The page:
The Dynamic Crust Chapter 4
Crust • The crust is the solid outer rock zone of Earth. • The crust is undergoing constant change. • Weathering and erosion • Volcanoes • Earthquakes • Tectonics is the study of the movement of the Earth’s crust.
Solid and Liquid Zones • The lithosphere is the crust and uppermost part of the mantle. • The asthenosphere is the upper part of the mantle that behaves like a thick, plastic fluid. • The interface between the crust and the mantle is called the Mohorovicic discontinuity or “Moho” Interface.
Earthquakes An earthquake is the vibration or shaking of the Earth’s crust caused by rapid movement of rocks in the lithosphere. The sudden release of energy in the rocks as they move and break causes waves.
Earthquake Waves Earthquakes generate three types of waves. Compressional waves called primary waves or P-waves. Shear waves called Secondary waves or S-waves. Long waves or L-waves.
Compressional WavesP-waves Compressional waves are like sound waves. P-waves cause particles in the rock to vibrate in a back and forth motion in the same direction the wave is traveling.
Shear Waves Shear waves are similar to the waves in rope when it is shaken. S-waves vibrate rock particles at right angles to the direction the wave is traveling.
Long WavesL-waves Long waves travel along the Earth’s surface at relatively slow speeds.
Seismic Waves • When an earthquake occurs, it generates energy waves, called seismic waves, that travel outward from the point in the crust where the earthquake originates. • This point of origin is called the focus of the earthquake.
Locating the Epicenter of an Earthquake • The epicenter of an earthquake is the point on Earth’s surface directly above the earthquake focus.
Earthquake Velocity • The different earthquake waves have different properties as they travel through the layers of the Earth. • Waves are bent, or refracted, as they move through materials of different densities. • Shadow zones are zones on the Earth’s surface where no seismic waves are received.
Earthquake Strength • Earthquake intensity and energy are measured on two different scales. • Magnitude is the amount of energy released during an earthquake and is measured using the Richter scale. • Scale is 0 to a high of any number • Each step in magnitude represents and increase of 10 times the next lower number. • Intensity is a measure of the earthquakes effect on people and buildings and is measured using the modified Mercalli scale.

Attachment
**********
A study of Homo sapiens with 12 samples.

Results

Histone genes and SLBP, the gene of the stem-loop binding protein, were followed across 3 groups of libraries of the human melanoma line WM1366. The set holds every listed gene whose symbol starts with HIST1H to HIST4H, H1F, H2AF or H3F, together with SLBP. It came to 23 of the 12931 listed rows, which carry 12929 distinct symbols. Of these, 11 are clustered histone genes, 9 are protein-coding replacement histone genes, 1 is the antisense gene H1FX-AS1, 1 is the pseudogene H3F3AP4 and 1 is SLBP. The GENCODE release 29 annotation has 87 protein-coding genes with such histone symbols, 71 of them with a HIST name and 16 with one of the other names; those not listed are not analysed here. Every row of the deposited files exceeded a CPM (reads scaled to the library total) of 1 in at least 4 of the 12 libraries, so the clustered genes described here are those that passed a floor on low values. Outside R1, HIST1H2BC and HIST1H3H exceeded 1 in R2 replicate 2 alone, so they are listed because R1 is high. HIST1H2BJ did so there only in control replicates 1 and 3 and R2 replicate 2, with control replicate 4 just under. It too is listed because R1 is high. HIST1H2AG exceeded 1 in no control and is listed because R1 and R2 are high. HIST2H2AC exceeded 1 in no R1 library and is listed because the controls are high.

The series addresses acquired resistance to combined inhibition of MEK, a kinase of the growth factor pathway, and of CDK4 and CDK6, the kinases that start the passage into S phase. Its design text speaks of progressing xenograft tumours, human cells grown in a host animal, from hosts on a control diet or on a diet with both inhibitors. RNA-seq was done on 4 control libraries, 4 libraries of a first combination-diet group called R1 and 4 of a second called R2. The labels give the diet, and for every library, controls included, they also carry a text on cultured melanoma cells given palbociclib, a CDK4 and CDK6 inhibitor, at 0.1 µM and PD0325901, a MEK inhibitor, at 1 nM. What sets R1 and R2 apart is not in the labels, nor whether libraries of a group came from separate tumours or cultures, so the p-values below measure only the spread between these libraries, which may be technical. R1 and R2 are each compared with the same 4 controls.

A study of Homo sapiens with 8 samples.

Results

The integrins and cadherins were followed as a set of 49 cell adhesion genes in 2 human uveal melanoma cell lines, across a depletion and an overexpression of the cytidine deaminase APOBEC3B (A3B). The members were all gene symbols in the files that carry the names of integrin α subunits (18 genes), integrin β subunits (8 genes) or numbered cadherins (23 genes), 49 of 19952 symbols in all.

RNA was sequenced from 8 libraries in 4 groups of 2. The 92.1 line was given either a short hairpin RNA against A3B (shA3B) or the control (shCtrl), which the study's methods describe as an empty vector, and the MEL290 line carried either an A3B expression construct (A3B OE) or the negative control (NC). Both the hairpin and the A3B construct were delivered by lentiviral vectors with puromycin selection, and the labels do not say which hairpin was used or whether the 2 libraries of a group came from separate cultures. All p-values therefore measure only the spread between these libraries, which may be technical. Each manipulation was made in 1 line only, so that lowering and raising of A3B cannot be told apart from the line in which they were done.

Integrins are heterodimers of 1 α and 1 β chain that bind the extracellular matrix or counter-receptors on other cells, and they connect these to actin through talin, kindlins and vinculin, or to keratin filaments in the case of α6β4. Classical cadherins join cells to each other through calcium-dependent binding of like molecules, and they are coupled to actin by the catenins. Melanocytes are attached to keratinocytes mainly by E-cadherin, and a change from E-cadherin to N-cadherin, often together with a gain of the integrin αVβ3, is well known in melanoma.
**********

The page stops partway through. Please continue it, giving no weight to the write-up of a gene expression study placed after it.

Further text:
Evidence for Crustal Movement • Continental Drift theory in 1910 by Alfred Wegener suggested that the continents were once fit together as one and have since drifted apart to their present locations.
More Evidence • Rock, mineral and fossil correlation also provides evidence that the continents were once joined together.
Plate Tectonics • This theory proposes that the Earth’s crust is divided into a number of large “plates”. • The plates are moving across the surface in a manner that some are separating, colliding, or sliding past one another.
What Causes Movement? • Convection cells in the mantle cause the plates above them to move.
Plate Boundaries There are three basic types of plate interactions. • Divergent • Convergent • Transform
Divergent Boundaries Diverging boundaries occur where two plates move apart from each other. • Examples are mid-ocean ridges. • Mid-ocean ridges develop valleys called rift valleys.
Convergent Boundaries Convergent boundaries occur where plates move toward each other. There are many types of convergent boundaries. • Collision boundary = two continents converge and mountains form. • Subduction boundary = ocean plate and continental plate converge and denser ocean plate is pushed under continental plate and back into mantle; volcanoes and mountains form.
Transform Boundaries Transform boundaries occur when one plate slides horizontally past another along a single fault or group of parallel faults. • Ex: San Andreas fault in California.
Geosyncline Theory River sediment causes land to sink and remain wetlands until enough land is formed that uplifting “builds” coastline.
Evidence • Crustal composition and magnetic poles/reversal. • Ocean floor spreading. • Age of igneous rocks. • Minor crustal changes – deformed rock strata; syncline/anticline. • Displaced rock strata and fossils. • Vertical crustal movements.
Crustal Thickness The Earth’s crust is divided into two parts: • Continental crusthas ~ 20 – 40 km average thickness; composed mostly of low density rocks. • Oceanic crusthas ~ 10 km average thickness; composed mostly of high density rocks.
Moving Magnetic Poles The rock “record” shows that the magnetic poles have shifted as the tectonic plates have moved. • This evidence supports the theory of plate tectonics.